Voters will have the opportunity in November to remove a Jim Crow-era provision from the state Constitution that makes Mississippi the only state in the nation where a candidate for statewide office can win a majority of the popular vote and not be elected.
The Mississippi Constitution, adopted in 1890, requires the winning candidate for governor and for other statewide offices to obtain both a majority of the popular vote and win the most votes in a majority of the 122 House districts. If no candidate obtains both of those requirements, the Mississippi House of Representatives gets to choose the winner of the top two vote-getters.
But a resolution passed this month by both chambers of the Mississippi Legislature would remove that requirement. This week’s legislative action means that Mississippi voters will decide in November whether to remove that provision from the Constitution.
The provision was placed in the Constitution in 1890, according to the written account of that time, to ensure Black Mississippians, then a majority in the state, were not elected to statewide office. The state House districts were configured in a manner to ensure white Mississippians would have a majority in that chamber.
The Legislature acted in response to a federal lawsuit challenging whether the electoral provisions violated principles of the U.S. Constitution. The lawsuit was filed last year in the midst of the gubernatorial race between Democratic Attorney General Jim Hood and Republican Lt. Gov. Tate Reeves.
The lawsuit claimed that under the gerrymandered House districts, Hood would have had to win as much as 55 percent of the popular vote to win the majority of the House districts. In effect, the plaintiffs argued, the provision dilutes the strength of African American voters, who are more prone to vote for the Democratic candidate in Mississippi.
U.S. Judge Daniel Jordan of the Southern District of Mississippi did not rule on the lawsuit but expressed “grave concerns” and indicated he might rule at a later date if the election was impacted by the provision or if the Legislature did not act to remove the provision. Jordan met with legislative leaders about the issue before the 2020 session began. With Reeves garnering 52 percent of the vote and winning the majority of the House districts, the provision throwing the election into the House was not a factor.
The lawsuit was filed by the National Redistricting Foundation and the Mississippi Center for Justice on behalf of African American voters in the state. In a press release, the Mississippi Center for Justice pointed out that the Legislature’s final passage of the resolution on Monday comes one day after lawmakers addressed another 1890s-era issue: the removal of the state flag that has the Confederate battle emblem as part of its design.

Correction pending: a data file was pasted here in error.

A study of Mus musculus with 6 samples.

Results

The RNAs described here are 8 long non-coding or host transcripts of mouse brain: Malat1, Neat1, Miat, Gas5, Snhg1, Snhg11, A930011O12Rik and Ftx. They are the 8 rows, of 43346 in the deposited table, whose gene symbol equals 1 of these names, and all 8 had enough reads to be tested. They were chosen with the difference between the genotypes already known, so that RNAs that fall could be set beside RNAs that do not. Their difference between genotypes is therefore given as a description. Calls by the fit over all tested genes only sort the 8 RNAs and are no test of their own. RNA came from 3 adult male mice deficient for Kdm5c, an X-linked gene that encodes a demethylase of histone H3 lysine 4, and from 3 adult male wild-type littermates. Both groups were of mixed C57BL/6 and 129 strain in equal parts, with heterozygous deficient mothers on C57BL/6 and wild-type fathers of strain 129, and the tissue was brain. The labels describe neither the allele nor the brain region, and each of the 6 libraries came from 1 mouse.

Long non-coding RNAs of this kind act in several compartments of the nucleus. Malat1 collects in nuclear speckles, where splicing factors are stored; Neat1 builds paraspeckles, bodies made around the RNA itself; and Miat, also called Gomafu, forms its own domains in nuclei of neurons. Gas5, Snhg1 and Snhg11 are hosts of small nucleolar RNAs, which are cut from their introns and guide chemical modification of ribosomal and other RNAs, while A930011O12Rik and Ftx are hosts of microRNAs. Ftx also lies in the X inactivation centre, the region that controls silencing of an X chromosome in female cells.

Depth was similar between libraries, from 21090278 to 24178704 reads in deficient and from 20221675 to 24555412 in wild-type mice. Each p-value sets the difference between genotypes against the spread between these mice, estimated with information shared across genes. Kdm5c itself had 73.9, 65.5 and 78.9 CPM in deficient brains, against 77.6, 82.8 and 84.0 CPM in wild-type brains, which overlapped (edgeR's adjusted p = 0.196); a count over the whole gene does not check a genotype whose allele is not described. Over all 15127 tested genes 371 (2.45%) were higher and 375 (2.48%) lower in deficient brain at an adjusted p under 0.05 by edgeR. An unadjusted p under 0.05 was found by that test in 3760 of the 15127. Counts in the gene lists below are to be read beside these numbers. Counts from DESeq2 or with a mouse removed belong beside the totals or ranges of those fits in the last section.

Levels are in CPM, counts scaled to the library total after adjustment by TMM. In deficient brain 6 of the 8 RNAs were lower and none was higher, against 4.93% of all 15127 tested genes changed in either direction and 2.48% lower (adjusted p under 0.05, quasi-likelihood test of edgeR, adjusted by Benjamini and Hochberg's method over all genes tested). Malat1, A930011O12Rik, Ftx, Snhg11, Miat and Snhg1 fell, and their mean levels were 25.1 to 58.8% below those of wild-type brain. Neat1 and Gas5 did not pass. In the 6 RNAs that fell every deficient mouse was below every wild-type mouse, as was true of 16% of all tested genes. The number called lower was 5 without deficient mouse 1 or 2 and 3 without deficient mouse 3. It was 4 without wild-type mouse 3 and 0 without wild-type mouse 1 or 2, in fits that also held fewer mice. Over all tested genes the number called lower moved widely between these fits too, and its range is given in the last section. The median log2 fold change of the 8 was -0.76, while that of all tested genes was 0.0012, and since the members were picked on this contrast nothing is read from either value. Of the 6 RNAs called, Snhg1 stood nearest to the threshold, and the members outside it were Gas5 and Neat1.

“In the wake of the historic removal of the Confederate emblem from our state’s flag, we are pleased the Legislature is taking this additional step to remove this racist relic of the post-Reconstruction era from Mississippi law,” said Vangela M. Wade, president of the Mississippi Center for Justice. “In addition to joining in the lawsuit that led to this development, we are moving forward with our challenge to Mississippi’s felon disfranchisement law, which is another discriminatory provision of the 1890 Constitution. We want to take advantage of this important moment in American race relations to advance the cause of justice in our home state of Mississippi.”
If approved by voters in November, the provision will be removed, but Mississippi will still be in a minority of states. Under the resolution approved by the Legislature and pending the approval of the voters, Mississippi would become one of only three states in the nation to require a runoff between the top two vote-getters if no candidate achieves a majority of the votes. Georgia and Louisiana require runoffs. Vermont’s statewide elections are thrown to its legislature to decide if no candidate obtains a majority.
Sen. Hob Bryan, D-Amory, was one of two senators to vote against the resolution. He supported removing the provision throwing elections into the House but opposed placing in the Constitution the runoff. He said the runoff could be placed in general law.
It takes more votes (two-thirds of both chambers and a vote of the people) to change constitutional provisions than it does general law, which requires only a majority to change.
“We are tying the hands of future legislatures,” said Bryan, who said a future legislature might want to do ranked voting. Ranked voting gives extra points to candidates who finish No. 2 in a multiple candidate field in order to select a winner.
Senate Constitution Chair Chris Johnson, R-Hattiesburg, said, “Sen. Bryan has made valid points,” but indicated at this late date in the session senators should pass the language before them creating the runoff.
The only instances where the electoral provision was a factor were in three consecutive elections in the 1990s.
Editor’s note: Vangela M. Wade is a member of Mississippi Today’s board of directors.